On April 12, the internationally-known Harrington String Quartet held their last performance of the year at the Fibonacci Space, home of Chamber Music Amarillo. An ongoing renovation of Northern Recital Hall necessitated the change-of-venue.
The Quartet, composed of Rositza Jekova-Goza and Evgeny Zvonnikov on violin, Vesslin Todorov on viola and Emmanuel Lopez as cellist, played three works: String Quartet in B-flat major, K. 458 ‘Hunt’ by Mozart, Italian Serenade by Hugo Wolff and String Quartet in E flat major, Op. 44 by Felix Mendelssohn.
The so-called “Hunt” was one of six quartets dedicated to Haydn, termed by Mozart as father to receive his (WAM’s) children. The moniker “Hunt” was a later appellation, resulting from a first movement resonance similar to a hunting horn.
The “Allegro vivace assai” has a nice melding of parts and a prancing rhythm making for easy listening in late 18th c. circles.
The Menuetto is slower-paced, with short tonal statements followed by short runs. Perhaps Mozart was releasing his inner Telemann.
The “Adagio” is stately, featuring the first violin for much of the work. One can truly wonder about Mozart’s mood as he was writing for Poppa Haydn and whether he somewhat tempered his style.
Finally, the “Allegro” opened with high energy and maintained a sustained pulse throughout, with violin assertion and responses from the other three instruments.
Hopefully Haydn was happy with this child, as well as the other five children bequeathed to him by the young genius.
The Quartet substituted the “Italian Serenade” by Hugo Wolff to replace a work by Arensky due to the absence of the pianist. Not a problem as the piece was a delight.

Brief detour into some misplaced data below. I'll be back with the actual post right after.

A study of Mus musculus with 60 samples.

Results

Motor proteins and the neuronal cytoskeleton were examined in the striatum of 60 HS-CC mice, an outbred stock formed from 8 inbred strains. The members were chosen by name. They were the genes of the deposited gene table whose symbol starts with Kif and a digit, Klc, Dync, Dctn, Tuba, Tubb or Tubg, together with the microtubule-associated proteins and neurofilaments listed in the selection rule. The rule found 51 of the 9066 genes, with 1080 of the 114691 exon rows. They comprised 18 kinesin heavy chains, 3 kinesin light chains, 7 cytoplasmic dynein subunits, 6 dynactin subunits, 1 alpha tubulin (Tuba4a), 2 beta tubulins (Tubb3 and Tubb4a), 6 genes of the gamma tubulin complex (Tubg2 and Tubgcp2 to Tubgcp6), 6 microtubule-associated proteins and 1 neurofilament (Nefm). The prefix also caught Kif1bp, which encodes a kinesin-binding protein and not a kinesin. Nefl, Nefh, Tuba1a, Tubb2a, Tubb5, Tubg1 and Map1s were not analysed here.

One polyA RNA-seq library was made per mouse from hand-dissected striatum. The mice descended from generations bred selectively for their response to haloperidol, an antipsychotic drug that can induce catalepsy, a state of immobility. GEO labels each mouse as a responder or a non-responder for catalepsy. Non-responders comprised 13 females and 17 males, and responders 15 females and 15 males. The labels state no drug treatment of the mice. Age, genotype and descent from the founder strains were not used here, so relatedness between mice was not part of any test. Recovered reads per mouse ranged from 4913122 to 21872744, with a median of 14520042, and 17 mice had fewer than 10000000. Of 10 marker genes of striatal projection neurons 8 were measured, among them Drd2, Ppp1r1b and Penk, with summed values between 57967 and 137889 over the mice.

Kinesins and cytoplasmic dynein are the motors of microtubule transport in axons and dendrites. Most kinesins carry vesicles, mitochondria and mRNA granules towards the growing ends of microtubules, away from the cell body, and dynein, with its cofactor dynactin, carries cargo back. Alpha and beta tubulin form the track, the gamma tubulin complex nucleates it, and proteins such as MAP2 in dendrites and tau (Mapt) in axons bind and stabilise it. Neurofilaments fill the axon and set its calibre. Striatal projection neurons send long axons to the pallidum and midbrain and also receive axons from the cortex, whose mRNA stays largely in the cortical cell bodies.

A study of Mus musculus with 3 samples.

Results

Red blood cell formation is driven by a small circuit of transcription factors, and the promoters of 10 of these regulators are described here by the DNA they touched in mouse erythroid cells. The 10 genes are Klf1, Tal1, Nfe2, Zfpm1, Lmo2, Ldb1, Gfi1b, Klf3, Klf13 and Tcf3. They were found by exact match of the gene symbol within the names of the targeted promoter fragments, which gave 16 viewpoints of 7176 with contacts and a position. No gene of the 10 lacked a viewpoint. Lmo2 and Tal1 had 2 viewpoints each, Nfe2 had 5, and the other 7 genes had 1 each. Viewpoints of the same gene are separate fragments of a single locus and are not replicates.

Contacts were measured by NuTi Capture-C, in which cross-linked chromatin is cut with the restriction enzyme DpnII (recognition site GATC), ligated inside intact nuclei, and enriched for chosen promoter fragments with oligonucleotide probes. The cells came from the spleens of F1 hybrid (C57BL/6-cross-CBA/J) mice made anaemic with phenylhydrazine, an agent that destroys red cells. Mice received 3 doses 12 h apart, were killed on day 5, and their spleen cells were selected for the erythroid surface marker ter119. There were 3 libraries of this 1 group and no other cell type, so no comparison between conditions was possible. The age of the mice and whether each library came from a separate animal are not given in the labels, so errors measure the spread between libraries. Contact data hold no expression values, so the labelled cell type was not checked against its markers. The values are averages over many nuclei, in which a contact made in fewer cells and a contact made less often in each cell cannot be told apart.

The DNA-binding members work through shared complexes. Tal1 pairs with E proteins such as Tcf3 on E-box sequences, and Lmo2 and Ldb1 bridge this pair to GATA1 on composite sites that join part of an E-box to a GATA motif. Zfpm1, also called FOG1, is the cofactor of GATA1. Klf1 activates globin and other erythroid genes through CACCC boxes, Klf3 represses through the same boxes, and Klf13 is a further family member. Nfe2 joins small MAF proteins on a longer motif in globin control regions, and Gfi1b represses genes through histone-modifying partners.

Composed in only three days in 1887, the composer, possibly drew inspiration from poems by Joseph Eichendorff and the author’s novella, “From the Life of a Ne’er-Do-Well.”
Considering the unhappy fate of the composer, whose life was cut short in a syphillis sanitarium, this piece is light, whimsical, and easy on the ears.
The final work of the season was Mendelssohn’s “String Quartet in E-flat major, Op 44 No. 3,” composed in 1838 and one a set of three dedicated to the Crown Prince of Sweden.
Though the composer is normally considered a traditionalist, the exuberant emotions which permeate this work acknowledge the context of Romanticism and the influence of Beethoven.
The first movement, “Allegro vivace,” sequences sixteenth notes in various patterns either as a statement or adornment. The overall mood is aerobic with an uplifting counter-point that at times detaches from the melody, but which works.
The rapid-fire opening by the violins in the “Scherzo” is answered by the viola and cello, and reminds one of a Wild West Hollywood scene.
By comparison, the “Adagio” is almost wake-like, somber and reverent, with an overarching violin singing in a lyrical descant.
The assertive beginning of the fourth movement, has the first violin setting a tone maintained almost to the end, with each instrument playing autonomously until all coalesced towards the end in a magnificent conclusion.
After the applause, the sound of Harleys and pickups on 6th St. reminded us, like a GPS, of our location: a place where none outside the Panhandle pale expect such sophisticated fine art.
For the HSQ, and to all individuals and groups who create elevated art in this place, goes our gratitude and our thanks for a wonderful season.
In eager anticipation of the 2019/2020 Arts Season, we say, “Keep Amarillo Artsy! Keep Austin Weird! Keep Lubbock in the Rear View Mirror!!!!”